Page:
A statistical analysis of the three-fold evolution of genomic compression through frame overlaps in prokaryotes.
Authors: Lillo F,Krakauer DC,
Address: Santa Fe Institute, 1399 Hyde Park Road, Santa Fe, NM 87501, USA.
Journal: Biol Direct.
Publication: 2007 Sep 18;2:22.
Free Text: A statistical analysis of the three-fold evolution of genomic compression through frame overlaps in prokaryotes.
Among microbial genomes, genetic information is frequently compressed, exploiting redundancies in the genetic code in order to store information in overlapping genes. We investigate the length, phase and orientation properties of overlap in 58 prokaryotic species evaluating neutral and selective mechanisms of evolution.
Using a variety of statistical null models we find patterns of compressive coding that can not be explained purely in terms of the selective processes favoring genome minimization or translational coupling. The distribution of overlap lengths follows a fat-tailed distribution, in which a significant proportion of overlaps are in excess of 100 base pairs in length. The phase of overlap--pairing of codon positions in complementary reading frames--is strongly predicted by the translation orientation of each gene. We find that as overlapping genes become longer, they have a tendency to alternate among alternative overlap phases. Some phases seem to reflect codon pairings reducing the probability of non-synonymous substitution. We analyze the lineage-dependent features of overlapping genes by tracing a number of different continuous characters through the prokaryotic phylogeny using squared-change parsimony and observe both clade-specific and species-specific patterns.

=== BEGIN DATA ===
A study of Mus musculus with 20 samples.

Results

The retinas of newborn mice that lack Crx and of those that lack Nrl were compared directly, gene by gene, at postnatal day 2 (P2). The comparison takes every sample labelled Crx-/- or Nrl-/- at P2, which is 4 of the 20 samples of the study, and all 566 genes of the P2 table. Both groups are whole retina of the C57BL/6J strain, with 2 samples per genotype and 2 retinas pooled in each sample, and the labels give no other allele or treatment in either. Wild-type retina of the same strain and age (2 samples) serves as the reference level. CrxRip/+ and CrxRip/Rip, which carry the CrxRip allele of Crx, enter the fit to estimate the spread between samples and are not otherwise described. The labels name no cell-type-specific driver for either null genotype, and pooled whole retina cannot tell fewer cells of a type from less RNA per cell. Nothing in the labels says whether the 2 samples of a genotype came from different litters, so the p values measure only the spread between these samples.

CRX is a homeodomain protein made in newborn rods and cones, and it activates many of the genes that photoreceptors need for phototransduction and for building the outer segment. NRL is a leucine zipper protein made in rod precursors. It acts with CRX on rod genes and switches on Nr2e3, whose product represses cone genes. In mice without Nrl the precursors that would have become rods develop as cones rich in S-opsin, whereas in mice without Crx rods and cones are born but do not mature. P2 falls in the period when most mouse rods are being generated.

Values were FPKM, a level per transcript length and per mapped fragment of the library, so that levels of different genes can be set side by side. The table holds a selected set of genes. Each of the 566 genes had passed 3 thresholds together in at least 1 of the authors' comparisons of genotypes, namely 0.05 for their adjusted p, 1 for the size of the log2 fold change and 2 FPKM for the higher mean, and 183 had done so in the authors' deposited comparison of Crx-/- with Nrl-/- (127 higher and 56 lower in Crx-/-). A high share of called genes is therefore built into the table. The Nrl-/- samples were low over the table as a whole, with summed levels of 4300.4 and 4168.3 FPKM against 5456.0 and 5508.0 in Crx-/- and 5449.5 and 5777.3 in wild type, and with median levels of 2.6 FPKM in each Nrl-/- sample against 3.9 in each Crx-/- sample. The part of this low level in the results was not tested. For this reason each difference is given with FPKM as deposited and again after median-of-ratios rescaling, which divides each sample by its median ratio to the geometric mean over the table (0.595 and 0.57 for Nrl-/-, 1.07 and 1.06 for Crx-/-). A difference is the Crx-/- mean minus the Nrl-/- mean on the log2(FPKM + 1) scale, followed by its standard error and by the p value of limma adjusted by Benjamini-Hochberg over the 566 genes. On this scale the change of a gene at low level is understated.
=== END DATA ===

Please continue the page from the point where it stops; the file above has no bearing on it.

Overlapping reading frames preserve in their structure, features relating to mutational origination of new genes, but have undergone modification for both immediate benefits and for variational buffering and amplification. Genomes come under a variety of different mutational and selectional pressures, and the structure of redundancies in overlapping genes can be used to detect these pressures. No single mechanism is able to account for all the variability observed among the set of prokaryotic overlapping genes but a three-fold analysis of evolutionary events provides a more integrative framework.